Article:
Edmund Meredith (Germany) 1; Henning Rust (Germany) 1; Uwe Ulbrich (Germany) 1; Paula Lorza (Germany) 2; Marc Scheibel (Germany) 2
1 - Freie Universität Berlin; 2 - Wupperverband
Hydrological modelling requires high-resolution climate data [O(1 km)] at the catchment scale because of small-scale water system related structures. The spatial scales of available numerical simulation results for climate change and decadal predictions are thus too coarse for direct application. Practitioners thus require a workflow which provides them with suitable input data for the region of their responsibility.
A particular challenge are extreme events, as the observations are typically sparse, and climate change both on the decadal and the centennial scale may produce events of an intensity not observed before. Here, dynamical downscaling to 2 km resolution is applied in order to generate physically possible cases from the large scale conditions.
Such dynamical downscaling is, however, extremely computationally expensive, so that multi-year downscaling is often infeasible.
Within the framework of the H2020 project BINGO (Bringing INnovation in onGOing water management www.projectbingo.eu), a flexible classification algorithm was developed for the identification of days with enhanced likelihood of extreme local rainfall events, so that these days can be selectively downscaled to high resolution, thus drastically reducing computational expense. Large-scale weather patterns associated with extreme precipitation are identified using reanalysis. Days with similar circulations are classified as potential extreme days (PEDs), subject to additional discrimination with local-scale parameters affecting the occurrence of extremes.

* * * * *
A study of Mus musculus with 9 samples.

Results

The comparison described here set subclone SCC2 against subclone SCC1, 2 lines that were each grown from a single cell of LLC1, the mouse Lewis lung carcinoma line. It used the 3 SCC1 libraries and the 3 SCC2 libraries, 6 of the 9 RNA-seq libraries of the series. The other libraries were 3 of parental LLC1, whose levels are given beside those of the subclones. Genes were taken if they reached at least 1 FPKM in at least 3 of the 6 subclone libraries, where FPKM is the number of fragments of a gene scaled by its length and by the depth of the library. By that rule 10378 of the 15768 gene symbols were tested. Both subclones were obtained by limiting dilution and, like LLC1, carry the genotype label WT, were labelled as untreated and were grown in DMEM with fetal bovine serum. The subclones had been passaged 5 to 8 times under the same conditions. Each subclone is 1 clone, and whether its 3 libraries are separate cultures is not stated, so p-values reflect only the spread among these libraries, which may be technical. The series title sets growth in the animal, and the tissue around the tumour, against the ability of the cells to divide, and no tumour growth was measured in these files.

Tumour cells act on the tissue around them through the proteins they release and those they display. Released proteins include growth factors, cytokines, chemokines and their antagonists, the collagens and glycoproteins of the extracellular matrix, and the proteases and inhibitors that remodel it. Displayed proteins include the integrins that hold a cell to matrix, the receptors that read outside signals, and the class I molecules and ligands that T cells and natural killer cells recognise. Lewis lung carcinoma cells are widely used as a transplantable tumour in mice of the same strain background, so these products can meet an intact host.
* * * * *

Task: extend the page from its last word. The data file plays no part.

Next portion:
For the identified PEDs, high-resolution, convection-resolving downscaling is performed and the changing risk for such events is assessed, including a comparison with observed historical data.
Our method can be used to inexpensively create high-resolution climate model data of extreme precipitation events, for use by hydrologists modelling the impacts of extreme precipitation – both past and future – on their own catchments. The inherent flexibility of the method allows transferability to other catchments and application across diverse climate data sets.
Results are used for an improved targeting of investments for disaster risk reduction, with adequate cost-benefit relationship. Knowledge of the potential small-scale impacts under specific large-scale weather conditions also helps to develop suitable contingency plans. The methodology can operationally be applied to forthcoming predictions.